3 Fils: does the food sing as much as the setting?
Akmal Anuar was the opening chef of Zengo at Royal Meridien, a Dubai restaurant that suffered from fusion confusion when I reviewed. He subsequently changed the menu, and later departed to resurface with his own concept, the bizarrely named 3 Fils (expect to pay more) at Jumeirah Fishing Harbour, in the same development as Silvena Rowe’s Omnia Gourmet.
The selling point on a Friday lunchtime with Dubai’s weather at an optimum is the charming, al fresco, fishing harbour setting and the gorgeous view pictured here. There are only a couple of large trestle tables outside and we nab one. 3 Fils does provide an indoor dining area for the hot summer months, or should you wish to see the chefs in action.
Akmal’s one page website states 3 Fils serves “modern Asian cuisine with Japanese influence.” However the one-page menu appears to incorporate many fusion elements. It also boasts the annoying Dubai norm of a sharing concept, with dishes divided into six sections. I love the odd-ball descriptors of “use them hands” and “brain food”, but wish he had continued the theme by creatively naming the other sections of starters, sliders, sushi rolls and hot plates for consistency. I purposely steer away from ordering sliders and sushi rolls which you can practically get anywhere in Dubai, as I really want to test the kitchen on the more intriguing dishes.
A yellowtail (amberjack fish) dish is served raw, carpaccio-style. Akmal has torched the sliver thin fish which brings out the juices and therefore flavours – enhanced by a zingy ginger and sumac dressing.
I am a bit of a purist when it comes to beef tartare believing that one should let the rich meaty flavours shine on their own – but here it’s served spiced with some shredded pickled lime skin – atop sour dough toast. The strong flavours are balanced however, and it works.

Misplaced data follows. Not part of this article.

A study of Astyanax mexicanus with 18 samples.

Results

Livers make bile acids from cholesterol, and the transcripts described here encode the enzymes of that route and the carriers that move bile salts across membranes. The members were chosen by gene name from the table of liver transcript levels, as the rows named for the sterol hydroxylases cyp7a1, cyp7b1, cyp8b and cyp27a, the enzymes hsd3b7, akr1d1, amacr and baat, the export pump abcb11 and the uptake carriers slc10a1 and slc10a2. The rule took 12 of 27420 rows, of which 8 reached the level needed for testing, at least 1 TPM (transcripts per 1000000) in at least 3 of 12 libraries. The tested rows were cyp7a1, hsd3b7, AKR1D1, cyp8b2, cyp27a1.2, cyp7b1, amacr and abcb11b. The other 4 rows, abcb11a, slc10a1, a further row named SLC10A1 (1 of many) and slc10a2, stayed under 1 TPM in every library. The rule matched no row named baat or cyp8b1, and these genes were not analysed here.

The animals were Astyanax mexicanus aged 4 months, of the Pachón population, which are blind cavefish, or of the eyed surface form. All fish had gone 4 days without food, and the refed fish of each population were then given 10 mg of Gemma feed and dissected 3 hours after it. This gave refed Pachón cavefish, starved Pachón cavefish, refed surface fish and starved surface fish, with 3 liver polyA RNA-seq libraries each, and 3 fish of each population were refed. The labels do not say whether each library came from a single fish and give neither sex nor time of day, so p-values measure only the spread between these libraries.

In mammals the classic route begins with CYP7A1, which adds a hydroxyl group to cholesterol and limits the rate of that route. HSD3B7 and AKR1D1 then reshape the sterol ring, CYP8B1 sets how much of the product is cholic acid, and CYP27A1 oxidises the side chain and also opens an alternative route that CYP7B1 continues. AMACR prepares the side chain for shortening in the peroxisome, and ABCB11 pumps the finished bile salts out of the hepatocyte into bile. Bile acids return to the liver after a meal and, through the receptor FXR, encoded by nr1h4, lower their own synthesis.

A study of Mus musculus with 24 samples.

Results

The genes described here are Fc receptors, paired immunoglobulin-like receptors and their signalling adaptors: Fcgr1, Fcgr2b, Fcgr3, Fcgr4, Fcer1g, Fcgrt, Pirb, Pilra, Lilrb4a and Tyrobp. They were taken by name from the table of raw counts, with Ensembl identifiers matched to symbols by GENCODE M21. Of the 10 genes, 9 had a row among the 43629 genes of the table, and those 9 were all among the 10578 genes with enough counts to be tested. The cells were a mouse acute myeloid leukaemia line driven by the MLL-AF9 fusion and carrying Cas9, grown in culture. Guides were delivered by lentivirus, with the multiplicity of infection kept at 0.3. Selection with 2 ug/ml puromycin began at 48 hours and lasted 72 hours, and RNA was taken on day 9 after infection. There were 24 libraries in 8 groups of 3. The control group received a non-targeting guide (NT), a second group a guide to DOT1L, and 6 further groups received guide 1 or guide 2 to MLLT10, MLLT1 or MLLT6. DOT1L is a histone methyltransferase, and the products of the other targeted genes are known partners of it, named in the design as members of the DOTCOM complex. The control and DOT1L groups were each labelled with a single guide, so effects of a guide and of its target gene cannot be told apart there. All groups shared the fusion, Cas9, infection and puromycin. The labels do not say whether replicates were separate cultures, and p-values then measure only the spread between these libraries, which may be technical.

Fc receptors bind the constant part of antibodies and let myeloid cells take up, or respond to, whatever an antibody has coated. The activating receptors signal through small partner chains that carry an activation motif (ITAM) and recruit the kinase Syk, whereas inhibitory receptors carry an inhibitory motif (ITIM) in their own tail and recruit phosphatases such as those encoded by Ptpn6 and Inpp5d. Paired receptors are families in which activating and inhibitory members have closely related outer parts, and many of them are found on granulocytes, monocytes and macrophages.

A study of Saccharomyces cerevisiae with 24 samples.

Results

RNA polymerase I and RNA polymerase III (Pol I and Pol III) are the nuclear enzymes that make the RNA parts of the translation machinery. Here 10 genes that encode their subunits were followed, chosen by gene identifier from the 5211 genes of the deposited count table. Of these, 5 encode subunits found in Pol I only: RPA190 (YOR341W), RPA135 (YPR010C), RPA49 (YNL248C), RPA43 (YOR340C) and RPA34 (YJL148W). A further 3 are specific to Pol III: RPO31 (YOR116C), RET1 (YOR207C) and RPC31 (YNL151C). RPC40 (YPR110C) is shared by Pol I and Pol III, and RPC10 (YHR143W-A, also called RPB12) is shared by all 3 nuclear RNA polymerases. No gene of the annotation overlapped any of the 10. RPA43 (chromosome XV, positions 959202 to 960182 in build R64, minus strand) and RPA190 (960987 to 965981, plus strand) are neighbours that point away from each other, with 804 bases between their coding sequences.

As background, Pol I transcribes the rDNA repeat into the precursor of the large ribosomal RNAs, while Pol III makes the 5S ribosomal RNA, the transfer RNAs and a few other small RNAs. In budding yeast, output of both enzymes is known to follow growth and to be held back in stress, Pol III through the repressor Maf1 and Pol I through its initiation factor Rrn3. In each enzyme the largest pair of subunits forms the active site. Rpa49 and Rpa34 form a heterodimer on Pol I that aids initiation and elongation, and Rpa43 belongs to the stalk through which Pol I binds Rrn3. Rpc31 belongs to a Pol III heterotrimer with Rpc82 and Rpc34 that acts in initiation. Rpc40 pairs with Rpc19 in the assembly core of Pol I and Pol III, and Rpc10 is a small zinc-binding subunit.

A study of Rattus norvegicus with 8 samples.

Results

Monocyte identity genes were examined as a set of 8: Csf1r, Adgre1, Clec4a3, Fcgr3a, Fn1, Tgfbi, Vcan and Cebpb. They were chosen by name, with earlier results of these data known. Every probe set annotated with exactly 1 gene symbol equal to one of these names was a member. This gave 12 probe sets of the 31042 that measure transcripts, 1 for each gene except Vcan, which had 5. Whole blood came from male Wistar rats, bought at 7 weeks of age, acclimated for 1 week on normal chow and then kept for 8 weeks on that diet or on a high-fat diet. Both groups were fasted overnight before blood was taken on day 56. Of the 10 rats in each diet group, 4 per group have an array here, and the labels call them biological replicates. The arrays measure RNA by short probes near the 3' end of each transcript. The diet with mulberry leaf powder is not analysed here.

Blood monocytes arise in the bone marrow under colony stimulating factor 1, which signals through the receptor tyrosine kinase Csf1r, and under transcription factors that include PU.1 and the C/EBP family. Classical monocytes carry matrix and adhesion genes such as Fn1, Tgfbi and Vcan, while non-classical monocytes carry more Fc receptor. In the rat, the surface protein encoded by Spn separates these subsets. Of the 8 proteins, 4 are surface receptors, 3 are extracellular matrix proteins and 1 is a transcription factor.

The menu has two dishes listed as brain food. One, the charcoal fry, is served on an aluminium plate – real charcoal is interspersed with edible pieces of squid ink tempura-fried aubergine. For dipping, we are served a spicy aji-like pepper sauce. Clever and delicious. The vegetable changes regularly to retain a level of mystery. Smart thinking. Gaggan thinks so too, given he mentions my Instagram photo at his pop-up dinner to highlight the similarity with one of his dishes.
A sole yet plump octopus tentacle (Australian Fremantle) is char-grilled and dotted with gremolata – super tender. A smooth base of potato and leek puree is mild enough to complement, yet not overpower the strong octopus flavours. Pretty presentation too.
A so-called ‘ru-gyu’ dish is, oddly, Russian (explains our waitress) skirt steak I think, served beautifully rare with an umami-laden bone marrow sauce, and grated horseradish. Moreishly good. One thing that stands out from the menu is the lack of veggies as side dishes, or even as an inclusion with the protein. They are almost an after-thought.
For dessert, we order the aptly named African powerhouse – a slice of velvety dark chocolate cake (from Ghana) with vanilla ice cream (from Madagascar). A dusting of dark chocolate makes this sweet ending even richer and more decadent.
3 Fils has no booze licence sadly, but the mocktails are creative concoctions. My yellow bird for instance is a mix of agave, lime and passion fruit.
Akmal’s description of the cuisine, as “modern Asian with Japanese flavours” is not necessarily apt. A Japanese-cum-Far-Eastern cooking style is evident, but he does incorporate some fusion elements. Luckily there’s no confusion though – the ingredients pair favourably, the flavours are complementary and the dishes are well executed. I was reticent to dine here given my previous lacklustre experience of his food, but left to his own devices without the restrictions imposed by a hotel operation, he seems to have found his own ‘voice’, and the food sings as much as the setting.
Furthermore, the Kenyan staff is full of character, knowledge and efficiency. At AED145 per person based on three courses, 3 Fils lives up to its affordable name, providing more than value for money. For want of a much over-used descriptor, this ‘hidden gem’ is just what Dubai needs more of – an independent chef-owned concept with top notch food in a casual environment. The only thing missing is a glass of vino. Make sure to pay 3 Fils a visit.
Have you tried 3 Fils? Where’s your go-to spot for an al fresco weekend lunch?